Microsoft Chairman Bill Gates is expected to demonstrate the company’s first wave of Ultra-Mobile PCs at the CeBIT information and telecommunications trade show in Hannover, Germany on Thursday.
Developed under the code name Origami, the portable devices will be available next month at prices ranging from US$600 to $1,000, are expected to weigh less than 2.5 pounds and will offer battery life of at least 2.5 hours. Samsung is among the companies manufacturing the devices.
The Ultra-Mobile PCs have the full functionality of Microsoft Windows-based desktop PCs and a choice of input options, including touch-screen capabilities. The new computers are designed for mobile lifestyles, according to Bill Mitchell, corporate vice president of Microsoft’s Windows Mobile Platforms Division.
“The Origami project is really our first step toward achieving a big vision. We believe that [Ultra-Mobile PCs] will eventually become as indispensable and ubiquitous as mobile phones are today,” he said.
UMPCs Versus Notebook PCs
Microsoft is working toward that goal with a sequence of advances in hardware and software. The next step along the roadmap will take place in the Windows Vista release timeframe, Mitchell said.
An Ultra-Mobile PC is smaller, lighter and more portable than most other fully functional PCs and can be synchronized with a non-mobile, larger primary PC at home or work, according to Mitchell.
“The UMPC is also different from other small Windows XP-based PCs like the OQO and the Fujitsu LifeBook P1500D, which are designed for enterprise environments,” he stated.
Taking on PDAs
Think of the Ultra-Mobile PC as a brand new class of devices that fills a void where the PDA does not provide enough functionality and a laptop is just too big, said Jupiter Research VP and Research Director Michael Gartenberg. and Research Director Michael Gartenberg.
“What Microsoft has done is solve some of the hard problems associated with getting Windows into a really small form factor,” Gartenberg told TechNewsWorld.
For some users, like students, the Ultra-Mobile PC has the potential to become the primary computing device, Gartenberg contends. In other cases, it may act as a second or third computer that consumers use to intersect between business and personal information.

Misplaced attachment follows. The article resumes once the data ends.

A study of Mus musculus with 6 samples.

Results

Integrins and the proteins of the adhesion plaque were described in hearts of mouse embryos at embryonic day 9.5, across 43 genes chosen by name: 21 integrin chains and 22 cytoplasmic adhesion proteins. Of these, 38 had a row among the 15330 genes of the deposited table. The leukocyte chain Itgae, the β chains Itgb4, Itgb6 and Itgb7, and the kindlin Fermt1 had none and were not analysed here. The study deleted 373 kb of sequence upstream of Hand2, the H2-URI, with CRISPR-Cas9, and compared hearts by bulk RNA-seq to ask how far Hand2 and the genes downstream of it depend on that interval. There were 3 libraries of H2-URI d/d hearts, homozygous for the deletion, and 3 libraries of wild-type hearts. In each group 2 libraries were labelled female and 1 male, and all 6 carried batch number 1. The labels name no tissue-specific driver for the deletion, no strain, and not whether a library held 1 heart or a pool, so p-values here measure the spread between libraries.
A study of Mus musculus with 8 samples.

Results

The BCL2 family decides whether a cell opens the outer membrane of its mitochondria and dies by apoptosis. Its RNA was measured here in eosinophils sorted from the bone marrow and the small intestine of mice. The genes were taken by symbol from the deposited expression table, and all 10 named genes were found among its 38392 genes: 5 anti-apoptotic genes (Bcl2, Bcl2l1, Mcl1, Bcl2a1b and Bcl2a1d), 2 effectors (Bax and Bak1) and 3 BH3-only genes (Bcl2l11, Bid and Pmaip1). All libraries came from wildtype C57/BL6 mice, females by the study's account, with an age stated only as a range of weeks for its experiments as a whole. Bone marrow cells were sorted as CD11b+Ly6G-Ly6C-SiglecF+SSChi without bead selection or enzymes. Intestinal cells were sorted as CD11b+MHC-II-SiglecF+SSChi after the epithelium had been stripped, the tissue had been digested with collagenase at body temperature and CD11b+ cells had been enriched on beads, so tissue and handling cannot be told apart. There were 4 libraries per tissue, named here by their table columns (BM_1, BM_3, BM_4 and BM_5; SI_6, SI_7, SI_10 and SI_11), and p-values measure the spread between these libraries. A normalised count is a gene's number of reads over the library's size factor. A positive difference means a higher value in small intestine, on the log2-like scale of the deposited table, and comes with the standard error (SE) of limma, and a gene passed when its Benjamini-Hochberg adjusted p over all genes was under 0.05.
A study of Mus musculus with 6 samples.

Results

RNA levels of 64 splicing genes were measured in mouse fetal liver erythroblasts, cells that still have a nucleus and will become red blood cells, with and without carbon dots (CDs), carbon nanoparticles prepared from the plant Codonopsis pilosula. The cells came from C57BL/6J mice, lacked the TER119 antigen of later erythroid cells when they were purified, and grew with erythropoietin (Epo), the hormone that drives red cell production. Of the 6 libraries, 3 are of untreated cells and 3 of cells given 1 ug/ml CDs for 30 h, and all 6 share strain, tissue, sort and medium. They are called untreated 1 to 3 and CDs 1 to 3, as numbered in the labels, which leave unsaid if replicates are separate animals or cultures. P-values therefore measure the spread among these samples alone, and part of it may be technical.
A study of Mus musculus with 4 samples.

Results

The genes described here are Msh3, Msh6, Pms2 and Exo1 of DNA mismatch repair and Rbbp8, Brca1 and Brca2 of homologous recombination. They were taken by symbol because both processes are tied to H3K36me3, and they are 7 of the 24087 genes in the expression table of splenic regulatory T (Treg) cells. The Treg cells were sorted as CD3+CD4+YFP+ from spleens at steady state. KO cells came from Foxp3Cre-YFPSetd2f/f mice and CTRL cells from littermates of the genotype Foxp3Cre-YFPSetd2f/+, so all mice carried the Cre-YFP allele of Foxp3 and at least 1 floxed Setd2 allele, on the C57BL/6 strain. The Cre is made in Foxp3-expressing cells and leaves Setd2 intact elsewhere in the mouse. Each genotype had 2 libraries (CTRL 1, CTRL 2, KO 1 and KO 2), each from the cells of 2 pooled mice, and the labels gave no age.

The Ultra-Mobile could compliment cell phones, he added, because it can be paired with the phone to connect to the Internet via Bluetooth technology.
The Ultra-Mobile PC features Intel’s Core microarchitecture, a new foundation for its multi-core server, desktop and mobile processors. Intel hopes Core will help it regain market share lost to rival AMD.
“The Intel Core microarchitecture is a milestone in enabling scalable performance and energy efficiency,” said Justin Rattner, Intel Senior Fellow and CTO. “Later this year it will fuel new dual-core processors and quad-core processors in 2007 that we expect to deliver industry-leading performance and capabilities per watt. People will see systems that can be faster, smaller and quieter with longer battery life and lower electric bills.”
Despite Microsoft’s high-profile technology partners, educating consumers on the benefits of this new class of mobile devices is likely to be a challenge, along with the need to continually improve form factor and battery life.
“The first wave of Origami devices is more likely to appeal to an enthusiast who is using it as [a] second or third PC, but there are some interesting opportunities in the education space as well for students who can now buy affordable PC technology,” Gartenberg concluded.